Then and now. What jewellery says about a person.
Throughout history, jewellery has been worn to represent us as a person and to convey our inner most feelings. Until this day, jewellery has always been about symbolism, and it also speaks volumes about a person’s social status. Here, we look at some of the key periods of history and what jewellery said about the person who wore it.
In Victorian times, if a person wore a piece of jewellery that was adorned with ivy, this would represent true love or marriage.
Engagement rings would contain a birthstone and gold was commonly used in creating jewellery pieces. Mourning jewellery was also a core part of Victorian times and it was worn as necklaces, rings and other pieces.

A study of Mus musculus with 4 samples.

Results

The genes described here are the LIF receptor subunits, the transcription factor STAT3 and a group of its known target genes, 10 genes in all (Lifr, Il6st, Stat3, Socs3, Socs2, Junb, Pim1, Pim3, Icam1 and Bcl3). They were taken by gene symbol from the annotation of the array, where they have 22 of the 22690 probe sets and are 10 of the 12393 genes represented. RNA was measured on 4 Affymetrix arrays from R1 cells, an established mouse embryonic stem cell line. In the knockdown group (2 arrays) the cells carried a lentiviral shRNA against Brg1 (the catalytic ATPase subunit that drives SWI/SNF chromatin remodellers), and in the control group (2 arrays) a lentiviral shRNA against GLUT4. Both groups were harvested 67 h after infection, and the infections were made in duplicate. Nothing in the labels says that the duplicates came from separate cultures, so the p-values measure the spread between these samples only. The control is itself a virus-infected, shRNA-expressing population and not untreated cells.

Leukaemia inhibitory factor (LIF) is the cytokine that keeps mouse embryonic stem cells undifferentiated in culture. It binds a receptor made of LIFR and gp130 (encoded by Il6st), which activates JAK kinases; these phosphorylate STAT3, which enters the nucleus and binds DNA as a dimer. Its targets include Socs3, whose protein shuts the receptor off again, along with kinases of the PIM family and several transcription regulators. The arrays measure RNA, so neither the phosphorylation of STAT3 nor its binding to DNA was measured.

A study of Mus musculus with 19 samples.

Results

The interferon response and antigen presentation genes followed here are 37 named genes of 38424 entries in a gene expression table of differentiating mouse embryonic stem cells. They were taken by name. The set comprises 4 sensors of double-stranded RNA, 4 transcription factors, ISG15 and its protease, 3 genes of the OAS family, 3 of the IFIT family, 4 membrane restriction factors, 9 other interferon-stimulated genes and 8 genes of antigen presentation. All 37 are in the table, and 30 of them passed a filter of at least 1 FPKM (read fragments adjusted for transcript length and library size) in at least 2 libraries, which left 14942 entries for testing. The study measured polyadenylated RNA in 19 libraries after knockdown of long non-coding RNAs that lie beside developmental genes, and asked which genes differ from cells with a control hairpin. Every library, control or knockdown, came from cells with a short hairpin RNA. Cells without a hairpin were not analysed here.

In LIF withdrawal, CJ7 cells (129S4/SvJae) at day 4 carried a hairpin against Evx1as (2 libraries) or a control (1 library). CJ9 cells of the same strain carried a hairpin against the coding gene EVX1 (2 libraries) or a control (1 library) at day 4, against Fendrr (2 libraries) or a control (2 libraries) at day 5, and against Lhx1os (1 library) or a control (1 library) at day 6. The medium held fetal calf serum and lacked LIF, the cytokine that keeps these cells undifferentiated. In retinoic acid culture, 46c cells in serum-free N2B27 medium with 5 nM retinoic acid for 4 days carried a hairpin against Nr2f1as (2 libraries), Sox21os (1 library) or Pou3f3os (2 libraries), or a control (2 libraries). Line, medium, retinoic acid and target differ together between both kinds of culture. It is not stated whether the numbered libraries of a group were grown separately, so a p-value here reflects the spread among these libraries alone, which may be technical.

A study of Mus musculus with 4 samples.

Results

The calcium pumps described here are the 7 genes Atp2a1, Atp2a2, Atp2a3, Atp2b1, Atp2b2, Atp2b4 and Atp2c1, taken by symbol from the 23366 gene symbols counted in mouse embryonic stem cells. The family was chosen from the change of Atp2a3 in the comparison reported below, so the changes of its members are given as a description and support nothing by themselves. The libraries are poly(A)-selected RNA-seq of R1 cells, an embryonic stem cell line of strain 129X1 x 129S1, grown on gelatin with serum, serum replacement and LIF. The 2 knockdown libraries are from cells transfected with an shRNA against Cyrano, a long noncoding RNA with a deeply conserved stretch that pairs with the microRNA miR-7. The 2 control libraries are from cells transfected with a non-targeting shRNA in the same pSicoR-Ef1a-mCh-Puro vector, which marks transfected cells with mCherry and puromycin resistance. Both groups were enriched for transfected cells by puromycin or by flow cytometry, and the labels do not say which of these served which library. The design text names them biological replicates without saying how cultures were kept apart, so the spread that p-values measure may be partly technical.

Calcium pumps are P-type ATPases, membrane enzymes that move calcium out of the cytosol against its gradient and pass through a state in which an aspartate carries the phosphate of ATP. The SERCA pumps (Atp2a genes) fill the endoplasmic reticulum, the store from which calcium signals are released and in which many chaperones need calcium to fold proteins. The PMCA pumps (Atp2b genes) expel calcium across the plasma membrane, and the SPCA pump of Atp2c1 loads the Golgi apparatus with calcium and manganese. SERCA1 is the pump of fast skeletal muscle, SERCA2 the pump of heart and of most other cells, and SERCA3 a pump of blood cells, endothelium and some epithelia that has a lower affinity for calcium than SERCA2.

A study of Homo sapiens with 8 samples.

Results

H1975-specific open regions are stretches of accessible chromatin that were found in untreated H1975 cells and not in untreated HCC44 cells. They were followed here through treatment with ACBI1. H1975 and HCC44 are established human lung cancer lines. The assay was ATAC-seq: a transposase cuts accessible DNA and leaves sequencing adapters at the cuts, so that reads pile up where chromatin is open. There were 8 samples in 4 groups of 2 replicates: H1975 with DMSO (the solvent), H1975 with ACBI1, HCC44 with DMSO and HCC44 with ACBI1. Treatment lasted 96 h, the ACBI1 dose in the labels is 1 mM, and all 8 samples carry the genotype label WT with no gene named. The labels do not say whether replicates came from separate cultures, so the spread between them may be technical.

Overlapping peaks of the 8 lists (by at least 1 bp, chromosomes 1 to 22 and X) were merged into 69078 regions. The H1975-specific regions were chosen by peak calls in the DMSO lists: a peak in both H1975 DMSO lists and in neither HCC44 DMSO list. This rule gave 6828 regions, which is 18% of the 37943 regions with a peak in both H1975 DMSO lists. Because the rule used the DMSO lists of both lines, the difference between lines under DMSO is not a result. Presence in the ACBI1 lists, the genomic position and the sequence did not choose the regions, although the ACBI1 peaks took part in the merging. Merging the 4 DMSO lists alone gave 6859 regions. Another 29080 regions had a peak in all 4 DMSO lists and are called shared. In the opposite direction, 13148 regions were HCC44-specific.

Jewellery also said a lot about the wealth of the person that was wearing it; fine jewellery was seen as a symbol of class and of aspiration
Mustard seed jewellery was worn as a sign of faith, but it became popular again during war times as sign of hope.
In both Ancient Roman and Greek times, jewellery was again viewed as a symbol of wealth. During Roman times, the wealthier people would wear fine jewellery that would be made from gold or silver, while people with less money wore jewellery from cheaper materials such as bronze.
When children were given jewellery to wear, it wasn’t purely for decoration: jewellery was worn as an amulet to ward away bad luck such as poor health and evil spirits.
Today, jewellery is still often viewed as symbolic of the social class of the wearer, but if we wanted to show out true feelings, we might select a specific piece. For example, if we want to express our desire to stay with someone forever, we might opt for an eternity ring, or we might choose a Celtic ring as a symbol of infinity and power.